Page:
The first incident of France’s 2019/2020 hunting season has fortunately not claimed any lives, but it has immediately highlighted the ease with which civilians seem to get caught in the hunters’ crossfire.
A man driving through a forest near the commune of Senonches in north central France was on his way back home to Paris on September 22nd when he came across a group of hunters with their dogs on a dirt road.
“When I drove up closer, only one hunter was left behind,” he told Actu.fr.
“I drove past him, he was to the left of me, then all of a sudden I heard a bang and shots hitting the trunk.
Alarmed by the possibility that the shooting was intentional, the man went directly to Senonches police station to file a complaint.
When the gendarmes started assessing the evidence, they counted a total of 99 lead pellets stuck in the car’s bodywork.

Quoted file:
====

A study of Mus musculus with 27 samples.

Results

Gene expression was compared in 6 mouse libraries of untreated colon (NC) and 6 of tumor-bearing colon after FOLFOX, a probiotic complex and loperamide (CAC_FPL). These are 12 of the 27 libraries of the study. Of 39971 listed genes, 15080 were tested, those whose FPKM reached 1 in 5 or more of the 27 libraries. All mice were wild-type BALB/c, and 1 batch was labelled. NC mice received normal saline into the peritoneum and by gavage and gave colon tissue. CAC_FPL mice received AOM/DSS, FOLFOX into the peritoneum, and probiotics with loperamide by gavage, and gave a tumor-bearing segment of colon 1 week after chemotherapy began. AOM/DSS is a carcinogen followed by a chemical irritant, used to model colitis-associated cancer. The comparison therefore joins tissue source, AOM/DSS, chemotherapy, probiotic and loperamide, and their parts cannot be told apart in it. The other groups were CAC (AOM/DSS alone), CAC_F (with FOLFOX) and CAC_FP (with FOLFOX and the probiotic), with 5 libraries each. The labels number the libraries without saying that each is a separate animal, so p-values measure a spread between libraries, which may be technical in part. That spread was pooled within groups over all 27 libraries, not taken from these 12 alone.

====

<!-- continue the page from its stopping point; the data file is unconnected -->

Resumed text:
The shooter was soon located and placed under police custody, identified as the president of a local hunting association in the départment of Eure-et-Loir.
“He acknowledged the facts but claims he was targeting a hare coming out of a hole and that he didn’t see the car,” Chartres prosecutor Rémi Coutin told Actu.fr.
Hunting is more popular in France than anywhere else in Europe, with over one million people (not all of them licensed) taking part in a controversial pastime that makes headlines every year, namely for the number of rural residents who get injured or killed as a result.
Among the casualties of 2017’s hunting season in France were a 13-year-old boy who was shot dead by his own grandfather, a Frenchwoman who was killed in her garden after a hunter fired a shot through her hedge and a hunter who was shot dead during a wild boar hunt.
Some accidents are bizarre and completely random, such as the death of a driver killed by a bullet that rebounded off a boar, but many simply involve hunters shooting at people they have mistaken for game.